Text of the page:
The toes date back more than 2,000 years and were found in the ancient Egyptian city of Thebes, according to research published in the journal Lancet.
One of the toes, which is mostly made out of wood, was found attached to the foot of a mummy called Tabaketenmut, who lived at some point between 950 and 710 B.C.
A study by Jacqueline Finch, a researcher with the University of Manchester in England, shows these false toes were intended to help the wearer walk and were not simply decorations.
"My findings strongly suggest that both of these designs were capable of functioning as replacements for the lost toe and so could indeed be classed as prosthetic devices," Finch said, according to a release from the university.
"If that is the case then it would appear that the first glimmers of this branch of medicine should be firmly laid at the feet of the ancient Egyptians," Finch wrote.
Previously, archaeologists believed that the earliest known prosthesis was a Roman artificial leg made out of bronze, dating back to 300 B.C., according to New Scientist.
To put her thesis to the test, Finch constructed copies of the two toes.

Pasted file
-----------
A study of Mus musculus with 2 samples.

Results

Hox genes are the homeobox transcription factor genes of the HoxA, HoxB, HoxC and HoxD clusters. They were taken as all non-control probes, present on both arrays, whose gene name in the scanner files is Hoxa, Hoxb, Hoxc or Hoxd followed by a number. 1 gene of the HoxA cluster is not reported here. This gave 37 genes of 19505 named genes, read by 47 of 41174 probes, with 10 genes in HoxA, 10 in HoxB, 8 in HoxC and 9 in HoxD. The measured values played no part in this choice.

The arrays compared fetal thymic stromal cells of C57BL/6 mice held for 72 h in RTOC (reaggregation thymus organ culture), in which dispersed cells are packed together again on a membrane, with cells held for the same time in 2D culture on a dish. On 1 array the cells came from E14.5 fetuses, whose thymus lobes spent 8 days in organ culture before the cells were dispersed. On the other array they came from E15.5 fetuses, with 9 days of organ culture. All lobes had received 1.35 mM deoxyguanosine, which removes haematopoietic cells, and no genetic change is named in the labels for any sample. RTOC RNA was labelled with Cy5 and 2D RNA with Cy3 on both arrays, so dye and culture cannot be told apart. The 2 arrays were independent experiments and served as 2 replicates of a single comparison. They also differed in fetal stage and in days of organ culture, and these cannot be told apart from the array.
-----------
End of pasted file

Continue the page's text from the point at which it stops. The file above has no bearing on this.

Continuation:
She then asked people who were missing their big toes to try to walk using the copies while wearing replica sandals of the type favored by ancient Egyptians.
Both volunteers were able to truly walk like an Egyptian.
"The results were extremely surprising in that for at least one of the volunteers, the replica worked amazingly well and produced an amazing amount of movement," Finch said, according to New Scientist.
When ancient Egyptians died, they were often buried with reconstructed body parts, in the belief that this would help them in the afterlife.
Finch maintains that these toes were intended for use in this world, as they are more sophisticated than any previously found.
"The wear on the Greville Chester toe and the important design features on the Cairo toe led me to speculate that these toes were perhaps worn by their owners in life and not simply attached to the foot during mummification for religious or ritualistic reasons," Finch said.